Obstetric trends show changes in complication rates and maternal characteristics such as caesarean section, induced labour, and maternal age. To what degree such general time trends and changing patterns of antiepileptic drug use influence pregnancies of women with epilepsy (WWE) is unknown. Our aim was to describe changes in maternal characteristics and obstetric complications in WWE over time, and to assess changes in complication risks in WWE relative to women without epilepsy.
This was a nationwide cohort study of all first births in the Medical Birth Registry of Norway, 1999–2016. We estimated maternal characteristics, complication rates, and risks for WWE compared to women without epilepsy. Main maternal outcome measures were hypertensive disorders, bleeding in pregnancy, induction of labour, caesarean section, postpartum hemorrhage, preterm birth, small for gestational age, and epidural analgesia. Time trends were analyzed by logistic regression and comparisons made with interaction analyses.
426 347 first births were analyzed, and 3077 (0.7%) women had epilepsy. In WWE there was an increase in proportions of induced labour (p<0.005) and use of epidural analgesia (p<0.005), and a reduction in mild preeclampsia (p = 0.006). However, the risk of these outcomes did not change over time. Only the risk of severe preeclampsia increased significantly over time relative to women without epilepsy (p = 0.006). In WWE, folic acid supplementation increased significantly over time (p<0.005), and there was a decrease in smoking during pregnancy (p<0.005), but these changes were less pronounced than for women without epilepsy (p<0.005).
During 1999–2016 there were important changes in maternal characteristics and complication rates among WWE. However, outcome risks for WWE relative to women without epilepsy did not change despite changes in antiepileptic drug use patterns. The relative risk of severe preeclampsia increased in women with epilepsy.
Epilepsy is one of the most common chronic diseases during pregnancy.[1–4] Women with epilepsy (WWE) have been considered as high risk parturients with increased risk for maternal complications.[2–8] Almost half of women with ongoing or previous epilepsy use antiepileptic drugs (AEDs) in pregnancy to control seizures despite their potential adverse effects on the fetus and maternal complications.[2, 9–11] The pattern of antiepileptic drug use in pregnant WWE has changed markedly during the last two decades owing to newer antiepileptic drugs, primarily lamotrigine and levetiracetam, replacing older antiepileptic drugs, such as carbamazepine, phenytoin, and valproate. [12–14] The newer antiepileptic drugs are better tolerated and believed to have less fetal and maternal adverse effects, but are associated with increased seizure risk during pregnancy.[10, 11, 15–19] Increasing maternal age, increasing maternal body mass index (BMI), and decrease in smoking during pregnancy over the last two decades should also affect WWE.[20–23] These factors could be proportional or have a more complex interaction. Global trends show an increase in caesarean section rates and increased induction of labour.[24–26] Such interventions are common in WWE.[2, 4, 5, 7, 8] During the last decade, there has been an increasing focus on management of WWE during pregnancy and delivery and recent guidelines encourage close monitoring of pregnancies in WWE and strict indications for interventions.[25, 27–30] However, there is little data on how focused management and guidelines have affected maternal outcomes of WWE. A recent meta-analysis indicates a trend towards increasing rates of caesarean section and induction of labour in WWE. However, different geographical populations with great variation in obstetric practice were compared to describe differences over time, and no reference populations were included. Therefore, it is not known how changes in population characteristics, obstetric practice and general complication rates have affected WWE. We expect that changes during the recent years in folate use, indications for operative interventions, and AEDs used have all influenced maternal complications in WWE during pregnancy and when giving birth.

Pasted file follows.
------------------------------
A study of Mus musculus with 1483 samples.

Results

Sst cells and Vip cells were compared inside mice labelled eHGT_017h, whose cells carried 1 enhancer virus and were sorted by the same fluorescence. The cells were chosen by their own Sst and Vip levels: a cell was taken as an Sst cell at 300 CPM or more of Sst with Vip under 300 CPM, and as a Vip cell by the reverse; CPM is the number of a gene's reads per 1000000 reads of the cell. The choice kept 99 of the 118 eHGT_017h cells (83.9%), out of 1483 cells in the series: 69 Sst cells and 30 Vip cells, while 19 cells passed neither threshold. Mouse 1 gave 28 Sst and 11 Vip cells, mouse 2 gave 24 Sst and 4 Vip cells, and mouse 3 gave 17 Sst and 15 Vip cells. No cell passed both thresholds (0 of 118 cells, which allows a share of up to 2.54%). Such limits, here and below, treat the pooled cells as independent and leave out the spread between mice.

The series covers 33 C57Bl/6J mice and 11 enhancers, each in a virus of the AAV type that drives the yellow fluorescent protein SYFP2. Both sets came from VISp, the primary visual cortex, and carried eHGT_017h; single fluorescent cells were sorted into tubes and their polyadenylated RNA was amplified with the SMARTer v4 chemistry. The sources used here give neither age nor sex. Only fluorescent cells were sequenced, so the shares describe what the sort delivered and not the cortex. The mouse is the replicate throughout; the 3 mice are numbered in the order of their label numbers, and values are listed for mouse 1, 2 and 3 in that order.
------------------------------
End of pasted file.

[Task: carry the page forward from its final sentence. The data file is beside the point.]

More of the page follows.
By analyzing a stable nationwide cohort over 18 years, our aim was to describe changes in maternal characteristics and maternal complication rates in WWE over time, and to assess changes in complication risks relative to women without epilepsy. For changes in outcome risks in WWE over time, the influence of AED use and other specific factors were assessed.